By Colleen Brady, Health Educator
October is National Bullying Prevention Month. Several weeks ago, the United States Department of Education convened the first ever “Federal Partners in Bullying Prevention Summit,” bringing together public and private sector organizations to develop an informed plan for preventing and responding to bullying in schools. This gathering came in reaction to several recent high profile incidents of kids who committed suicide after being targets of persistent bullying. We are glad the Department of Education is taking this issue seriously. But it isn’t only up to the schools to protect our children; parents need to step up as well.
In the “olden days,” a bully was pretty easy to spot. It was the big kid on the playground who intimidated classmates and shook them down for their lunch money. While physical aggression still exists, today bullying is usually more subtle and psychological. Bullying is humiliation, name-calling, spreading rumors, and isolating someone socially, including harassment via e-mail, texting, Facebook and instant messaging. And it should never be considered “a normal part of growing up.”
Often, parents are aware when their child has been the target of this behavior, but they are less likely to recognize or intervene when their daughter or son is the one being the aggressor. The “not my child” mind-set is so prevalent in this country. But it is important for us as parents to take off our blinders and be alert to signs that our child might be behaving in a hurtful and cruel way toward another child.
We want our kids to be popular, to be on top, to succeed – right? But at what cost? Some children use bullying as a means of demanding attention and exerting power in their climb to be the queen bee or the kingpin.
How do you know if your own child is a bully? You may hear about this from other parents or from a teacher. But you should also keep an eye and ear out for red flags, like:
- Shows disrespect for others – talking negatively about them or calling them names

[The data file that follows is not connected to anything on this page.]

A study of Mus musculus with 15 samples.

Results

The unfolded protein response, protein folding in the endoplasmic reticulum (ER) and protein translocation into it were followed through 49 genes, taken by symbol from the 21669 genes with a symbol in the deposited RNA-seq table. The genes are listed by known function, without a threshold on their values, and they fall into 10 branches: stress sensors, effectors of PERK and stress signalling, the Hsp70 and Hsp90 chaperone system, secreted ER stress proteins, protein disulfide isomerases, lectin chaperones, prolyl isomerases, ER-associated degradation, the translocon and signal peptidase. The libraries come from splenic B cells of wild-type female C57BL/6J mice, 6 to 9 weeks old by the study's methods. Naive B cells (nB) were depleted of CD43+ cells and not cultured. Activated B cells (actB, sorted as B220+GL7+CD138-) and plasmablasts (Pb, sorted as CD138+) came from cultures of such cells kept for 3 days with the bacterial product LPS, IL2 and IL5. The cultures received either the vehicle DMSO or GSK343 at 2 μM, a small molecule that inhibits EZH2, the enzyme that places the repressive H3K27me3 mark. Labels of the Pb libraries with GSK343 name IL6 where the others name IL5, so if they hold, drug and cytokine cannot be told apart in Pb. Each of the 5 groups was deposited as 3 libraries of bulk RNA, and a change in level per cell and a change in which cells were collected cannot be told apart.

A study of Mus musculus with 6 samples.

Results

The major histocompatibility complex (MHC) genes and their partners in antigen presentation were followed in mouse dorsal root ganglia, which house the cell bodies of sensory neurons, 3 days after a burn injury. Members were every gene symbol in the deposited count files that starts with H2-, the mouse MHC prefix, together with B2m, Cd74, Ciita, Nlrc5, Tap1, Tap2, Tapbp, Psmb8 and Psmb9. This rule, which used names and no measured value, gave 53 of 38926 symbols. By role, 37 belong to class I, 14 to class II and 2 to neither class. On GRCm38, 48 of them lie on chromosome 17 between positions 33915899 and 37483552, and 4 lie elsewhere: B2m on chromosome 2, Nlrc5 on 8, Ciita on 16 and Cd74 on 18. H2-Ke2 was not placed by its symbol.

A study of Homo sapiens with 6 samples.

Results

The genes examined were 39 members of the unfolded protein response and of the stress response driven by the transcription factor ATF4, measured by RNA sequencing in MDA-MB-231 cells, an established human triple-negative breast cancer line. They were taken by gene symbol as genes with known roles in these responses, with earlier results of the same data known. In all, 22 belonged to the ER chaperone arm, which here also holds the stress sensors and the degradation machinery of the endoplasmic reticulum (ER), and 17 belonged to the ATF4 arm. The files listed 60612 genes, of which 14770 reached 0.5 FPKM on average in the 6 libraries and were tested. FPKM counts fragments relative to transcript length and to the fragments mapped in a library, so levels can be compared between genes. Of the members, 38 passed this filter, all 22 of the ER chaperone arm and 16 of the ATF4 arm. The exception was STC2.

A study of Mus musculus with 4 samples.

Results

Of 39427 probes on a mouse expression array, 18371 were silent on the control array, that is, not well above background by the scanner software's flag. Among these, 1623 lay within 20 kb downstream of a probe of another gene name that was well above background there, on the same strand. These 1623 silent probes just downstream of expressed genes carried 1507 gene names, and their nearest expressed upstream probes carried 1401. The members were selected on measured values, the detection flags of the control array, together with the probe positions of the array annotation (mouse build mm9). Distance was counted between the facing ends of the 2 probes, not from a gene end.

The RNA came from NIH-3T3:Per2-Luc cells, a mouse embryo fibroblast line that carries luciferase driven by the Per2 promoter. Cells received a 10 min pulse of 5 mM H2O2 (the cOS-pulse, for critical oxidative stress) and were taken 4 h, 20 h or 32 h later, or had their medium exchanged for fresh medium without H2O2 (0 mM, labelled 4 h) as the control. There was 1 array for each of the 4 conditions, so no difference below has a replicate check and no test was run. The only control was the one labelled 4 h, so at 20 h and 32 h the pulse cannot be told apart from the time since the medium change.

- Is the dominant force among friends, the one who decides what they do and where they go
- Blames others for his/her problems
- Hangs around people who are disrespectful or act tough
- Is both a poor winner (boastful, arrogant) and a poor loser
- Shows little empathy for others
- Is hot tempered
- Craves attention
No parent wants to face or acknowledge a truth that is painful. Yet, once you know your child is a bully, it’s hard to ignore the fact. What can you do? Here are some ways you can help your child:
- First, talk frankly with your child and make it clear that bullying is not an acceptable behavior. Reinforce this by setting consequences that matter to the child (for example, no video games or sleepovers).
- Just as important, help your child understand why he or she is behaving in this way. Can she identify what she is seeking? Is he looking for recognition, more status or acceptance? Explore with your child other ways to get the same results, or better ones, without all the negative consequences of bullying.
- Look at what your child needs in order to stop the behavior. We used to think that children who bully have low self-esteem. We now know that isn’t necessarily true. Kids can bully and still think highly of themselves – especially when they receive the power and popularity which result from bullying. We should be teaching kids more self-efficacy, which is the ability to produce their own self-esteem by their actions — in other words, realizing they have a voice and can make a difference.
- Look at your own interactions and relationships. Kids observe and imitate the behavior we model. Are you short tempered? When driving or at sporting events, do you find yourself getting angry and calling other motorists, parents or coaches names? How do you speak to your spouse? Your children?
- Seek help, if needed. If bullying is part of a deeper problem, it will benefit you and your child to see a professional counselor who can help you both better understand what’s going on. Without intervention, bullies are at increased risk for depression, drug use, and antisocial behavior.
Children need to be seen, heard, and respected. They also need to be rooted in a logical world that makes sense, and they need to be taught empathy. When kids bully, they tend not to see their target as a person. Instead, the target becomes less human – like a character in a video game. Empathy puts a face on the target and “levels the playing field.” When we can really see and even know another person, we are less likely to intentionally hurt him or her. Teaching kids empathy helps to lessen the tendency toward bullying, and increases the chances of raising a child with a positive sense of self, one who is more likely to become a well-liked and respected young person.
By Colleen Brady, Health Educator, Jewish Community Services Prevention Services
Questions about parenting? Send an email to email@example.com. To learn more about how JCS can help you solve life’s puzzles, visit www.jcsbaltimore.org or call 410-466-9200. Jewish Community Services is an agency of THE ASSOCIATED: Jewish Community Federation of Baltimore.